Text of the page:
We already have a Republican-controlled Supreme Court, and a radically conservative House of Representatives. The Senate is close to turning red, and a flood of super PAC cash could push it over the edge.

Unfortunately, thanks to the Supreme Court's Citizens United decision, politics today has plenty of checks -- but precious little balance.

It is estimated the 2012 Presidential campaign may cost a staggering $2 billion. Perhaps more frightening is the fact that a billionaire could actually contribute that much to the super PAC of his choice. Gambling magnate Sheldon Adelson, for example, is worth an estimated $21 billion. He could single-handedly contribute the equivalent of the entire Presidential campaign.

With that possibility of massive (and completely legal) influence, it does not take a crystal ball to predict a financial tsunami of super PAC contributions.

Every electoral office is at risk of being taken by the candidate most acceptable to the wealthy.

In theory, Democrats have equal access to super PACs; common sense says otherwise. Democrats want to raise taxes on the rich; Republicans virulently oppose them: which party is more likely to be supported by the wealthy?

Anyone who thinks Citizens United was not an outright gift to the Republicans should compare super PACs for Republicans versus Democrats. Karl Rove's group American Crossroads has "... projected... at least $240 million... (and) Americans for Prosperity... has reportedly received a $200 million commitment from billionaire oil magnates Charles and David Koch." (Pro Obama Super PAC Raises $2M in February, Trails Pro-GOP Peers, ABC News)

That's half a billion dollars right there, from just those two Republican-pushing groups.

We already have a Republican-controlled Supreme Court, and a radically conservative House of Representatives. The Senate is close to turning red, and a flood of super PAC cash could push it over the edge.

Consider the key race of Virginia, where a moderate Democrat, Jim Webb, is retiring. Running to replace him are two former Governors, Democrat Tim Kaine and Republican George Allen. Kaine is a moderate with a reputation of working across party lines; Allen is considered one of Virginia's most partisan officials. They are neck and neck in the polls.

What would it mean to our everyday lives, if the Senate was controlled by folks like George Allen?

For example, my number one issue is stem cells. I have a paralyzed son, Roman Reed; I hope to see him walk again. He is not alone in his disability. With an estimated one hundred million Americans suffering incurable disease or disability, finding cures for our loved ones should be a national priority.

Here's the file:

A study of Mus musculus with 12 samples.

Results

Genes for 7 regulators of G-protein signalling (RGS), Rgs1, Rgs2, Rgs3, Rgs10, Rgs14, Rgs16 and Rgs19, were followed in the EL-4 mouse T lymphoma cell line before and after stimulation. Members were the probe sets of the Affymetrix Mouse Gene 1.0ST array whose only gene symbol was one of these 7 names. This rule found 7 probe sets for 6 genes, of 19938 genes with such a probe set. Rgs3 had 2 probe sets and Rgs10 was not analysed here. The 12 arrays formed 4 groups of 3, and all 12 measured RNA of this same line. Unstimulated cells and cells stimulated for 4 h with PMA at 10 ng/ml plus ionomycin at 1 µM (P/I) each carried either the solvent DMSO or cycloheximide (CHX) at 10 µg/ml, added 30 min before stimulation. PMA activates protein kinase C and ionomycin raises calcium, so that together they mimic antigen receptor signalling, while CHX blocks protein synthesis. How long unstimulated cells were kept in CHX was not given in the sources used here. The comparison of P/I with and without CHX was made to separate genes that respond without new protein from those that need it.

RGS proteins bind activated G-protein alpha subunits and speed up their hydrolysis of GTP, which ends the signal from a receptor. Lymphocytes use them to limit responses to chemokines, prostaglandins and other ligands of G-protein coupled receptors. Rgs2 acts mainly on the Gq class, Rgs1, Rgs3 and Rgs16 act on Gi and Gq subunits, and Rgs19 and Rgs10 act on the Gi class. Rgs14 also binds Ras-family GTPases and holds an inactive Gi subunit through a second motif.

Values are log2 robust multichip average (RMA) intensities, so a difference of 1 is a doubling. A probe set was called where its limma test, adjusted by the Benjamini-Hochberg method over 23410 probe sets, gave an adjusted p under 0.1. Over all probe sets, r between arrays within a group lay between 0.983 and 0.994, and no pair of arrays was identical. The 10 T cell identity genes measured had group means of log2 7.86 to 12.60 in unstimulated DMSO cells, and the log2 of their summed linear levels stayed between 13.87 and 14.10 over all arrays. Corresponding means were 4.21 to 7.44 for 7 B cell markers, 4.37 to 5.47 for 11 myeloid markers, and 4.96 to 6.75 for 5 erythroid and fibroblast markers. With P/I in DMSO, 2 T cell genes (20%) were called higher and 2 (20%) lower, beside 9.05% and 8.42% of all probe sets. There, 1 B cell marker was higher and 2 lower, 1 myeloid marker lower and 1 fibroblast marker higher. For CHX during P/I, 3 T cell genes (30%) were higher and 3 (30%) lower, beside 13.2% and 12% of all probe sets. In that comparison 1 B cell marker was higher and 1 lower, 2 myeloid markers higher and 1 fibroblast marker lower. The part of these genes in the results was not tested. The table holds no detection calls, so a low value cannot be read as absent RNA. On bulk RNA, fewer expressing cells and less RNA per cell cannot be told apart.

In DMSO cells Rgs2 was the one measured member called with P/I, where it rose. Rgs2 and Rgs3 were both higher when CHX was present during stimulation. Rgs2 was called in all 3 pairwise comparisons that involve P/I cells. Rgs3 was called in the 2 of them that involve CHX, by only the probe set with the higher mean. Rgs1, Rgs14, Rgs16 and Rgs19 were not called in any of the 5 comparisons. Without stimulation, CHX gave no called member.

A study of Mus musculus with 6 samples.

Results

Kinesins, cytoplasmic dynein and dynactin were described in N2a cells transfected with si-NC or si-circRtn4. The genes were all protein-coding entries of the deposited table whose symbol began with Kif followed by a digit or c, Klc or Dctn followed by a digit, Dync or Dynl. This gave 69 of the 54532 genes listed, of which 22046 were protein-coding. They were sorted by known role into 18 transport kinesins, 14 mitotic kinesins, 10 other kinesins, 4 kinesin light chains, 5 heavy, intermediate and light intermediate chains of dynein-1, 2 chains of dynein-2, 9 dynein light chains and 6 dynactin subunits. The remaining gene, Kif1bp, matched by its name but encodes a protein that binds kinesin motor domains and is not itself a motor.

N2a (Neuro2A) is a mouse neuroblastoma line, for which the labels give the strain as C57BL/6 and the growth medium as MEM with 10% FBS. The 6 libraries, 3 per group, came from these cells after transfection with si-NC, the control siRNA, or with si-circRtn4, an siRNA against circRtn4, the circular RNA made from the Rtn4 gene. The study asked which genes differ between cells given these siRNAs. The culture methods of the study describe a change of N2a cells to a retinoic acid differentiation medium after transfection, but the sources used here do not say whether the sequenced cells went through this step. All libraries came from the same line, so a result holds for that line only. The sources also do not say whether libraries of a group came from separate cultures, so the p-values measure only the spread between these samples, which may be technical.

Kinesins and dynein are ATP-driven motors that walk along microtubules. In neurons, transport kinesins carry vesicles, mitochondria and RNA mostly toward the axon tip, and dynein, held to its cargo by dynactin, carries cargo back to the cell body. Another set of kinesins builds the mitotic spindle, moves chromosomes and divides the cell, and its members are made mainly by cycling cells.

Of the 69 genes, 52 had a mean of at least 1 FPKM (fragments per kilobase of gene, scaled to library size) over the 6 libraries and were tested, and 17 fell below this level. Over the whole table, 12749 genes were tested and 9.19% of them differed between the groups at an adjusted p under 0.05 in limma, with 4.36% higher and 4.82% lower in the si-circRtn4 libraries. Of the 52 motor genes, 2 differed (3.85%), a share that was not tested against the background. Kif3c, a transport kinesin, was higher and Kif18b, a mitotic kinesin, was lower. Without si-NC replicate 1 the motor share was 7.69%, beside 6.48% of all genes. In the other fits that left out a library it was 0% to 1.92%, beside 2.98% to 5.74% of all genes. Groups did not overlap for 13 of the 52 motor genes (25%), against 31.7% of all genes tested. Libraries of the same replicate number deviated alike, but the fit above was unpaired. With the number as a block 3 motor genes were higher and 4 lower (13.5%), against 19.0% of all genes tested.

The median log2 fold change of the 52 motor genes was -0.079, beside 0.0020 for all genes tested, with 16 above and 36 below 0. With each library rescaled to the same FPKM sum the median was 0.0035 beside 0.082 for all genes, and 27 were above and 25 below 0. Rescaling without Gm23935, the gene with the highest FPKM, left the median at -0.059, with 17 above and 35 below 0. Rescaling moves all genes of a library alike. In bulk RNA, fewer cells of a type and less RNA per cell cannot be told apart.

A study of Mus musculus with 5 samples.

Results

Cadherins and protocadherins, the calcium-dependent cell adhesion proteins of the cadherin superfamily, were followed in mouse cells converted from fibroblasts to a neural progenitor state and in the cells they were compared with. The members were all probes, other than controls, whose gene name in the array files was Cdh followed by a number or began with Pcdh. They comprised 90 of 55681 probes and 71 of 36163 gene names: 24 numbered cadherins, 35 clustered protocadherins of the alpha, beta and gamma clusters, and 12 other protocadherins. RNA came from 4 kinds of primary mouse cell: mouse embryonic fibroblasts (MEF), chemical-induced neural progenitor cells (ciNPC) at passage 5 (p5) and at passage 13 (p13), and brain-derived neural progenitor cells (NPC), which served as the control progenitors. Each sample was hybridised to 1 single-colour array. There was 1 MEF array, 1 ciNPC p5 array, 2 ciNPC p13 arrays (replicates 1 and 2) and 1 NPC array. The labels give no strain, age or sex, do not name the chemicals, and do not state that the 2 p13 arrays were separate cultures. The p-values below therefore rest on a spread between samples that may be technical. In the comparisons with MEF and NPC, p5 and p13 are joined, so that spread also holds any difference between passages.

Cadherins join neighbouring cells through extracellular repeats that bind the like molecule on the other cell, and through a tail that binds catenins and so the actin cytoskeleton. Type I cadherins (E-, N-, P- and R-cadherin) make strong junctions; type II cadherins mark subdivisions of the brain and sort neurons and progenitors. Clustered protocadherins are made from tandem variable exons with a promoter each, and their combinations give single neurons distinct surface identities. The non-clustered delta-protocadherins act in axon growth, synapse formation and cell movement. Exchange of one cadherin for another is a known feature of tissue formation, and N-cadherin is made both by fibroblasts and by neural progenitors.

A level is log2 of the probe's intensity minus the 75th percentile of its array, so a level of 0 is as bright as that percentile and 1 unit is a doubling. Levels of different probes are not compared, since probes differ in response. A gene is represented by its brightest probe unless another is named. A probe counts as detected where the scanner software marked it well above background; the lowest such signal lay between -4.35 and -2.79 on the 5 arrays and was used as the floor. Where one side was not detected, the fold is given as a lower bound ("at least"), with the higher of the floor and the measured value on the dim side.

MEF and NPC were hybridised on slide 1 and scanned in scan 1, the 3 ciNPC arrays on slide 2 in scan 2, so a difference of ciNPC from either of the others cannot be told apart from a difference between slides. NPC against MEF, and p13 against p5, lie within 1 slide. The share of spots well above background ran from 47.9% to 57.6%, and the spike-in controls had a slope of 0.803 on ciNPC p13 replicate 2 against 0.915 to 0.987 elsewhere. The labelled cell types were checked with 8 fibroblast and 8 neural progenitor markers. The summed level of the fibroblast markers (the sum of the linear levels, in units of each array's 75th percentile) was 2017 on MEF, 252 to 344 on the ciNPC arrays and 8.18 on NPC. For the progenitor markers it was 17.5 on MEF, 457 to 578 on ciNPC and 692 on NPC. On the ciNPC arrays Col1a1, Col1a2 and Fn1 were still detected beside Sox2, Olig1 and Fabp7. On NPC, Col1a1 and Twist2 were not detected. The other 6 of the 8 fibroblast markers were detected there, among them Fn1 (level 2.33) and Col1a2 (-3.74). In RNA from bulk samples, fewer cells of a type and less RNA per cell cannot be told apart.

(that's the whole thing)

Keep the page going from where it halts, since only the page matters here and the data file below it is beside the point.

Where do the candidates stand on this issue?

As Governor, Tim Kaine signed a bill permitting stem cell research, but the legislation did not include a provision allowing for embryonic stem cell research. I wrote to ask him his opinion and received the following response.

While I do not support the creation of an embryo solely for research purposes, I would support legislation promoting embryonic stem cell research as long as those cell lines were derived from fertilized eggs left over from IVF procedures, already scheduled to be destroyed, and the donors had given their consent.

That is a reasonable compromise position: not as liberal as a Californian might wish, but still supportive, not an obstacle to cure.

And his Republican opponent?

On stem cell research George Allen has flip-flopped so many times his tongue must have skid marks. He has gone from oppose to support and back to oppose. The conservative American Spectator wrote, "Allen seems more poll-calibrated than principled... "

But Romney-izing his beliefs doesn't make George Allen a radical. His stand on "personhood" does that.

Personhood is the bizarre belief that every fertilized human egg (blastocyst) must have full standing in a court of law -- even if it is a dot in a dish of salt water for research, or frozen in an IVF clinic.

Protecting every blastocyst is as ridiculous as demanding that every grain of sand be protected like Mount Rushmore. A married woman may lose just such a fertilized egg in a heavy-flow menstrual cycle -- we are talking about the contents of a tampon!

In addition to banning abortion at any stage, (with no exceptions for rape or incest), personhood would also threaten the In Vitro Fertility (IVF) child birth procedure, prohibit many forms of birth control including "the pill", and would criminalize embryonic stem cell research.

Should a blastocyst smaller than the point of a pin be given preference over the rights of women and the hopes of cure for millions of suffering Americans? George Allen says yes.

"I believe that life begins at conception and support legislation declaring the personhood of every individual life."-- George Allen Campaign Website, 11/19/11

Mr. Allen has pledged to support personhood on the federal level.

His election could give Republicans control of the United States Senate.

Allen vs. Kaine: an election to watch -- with America in the balance.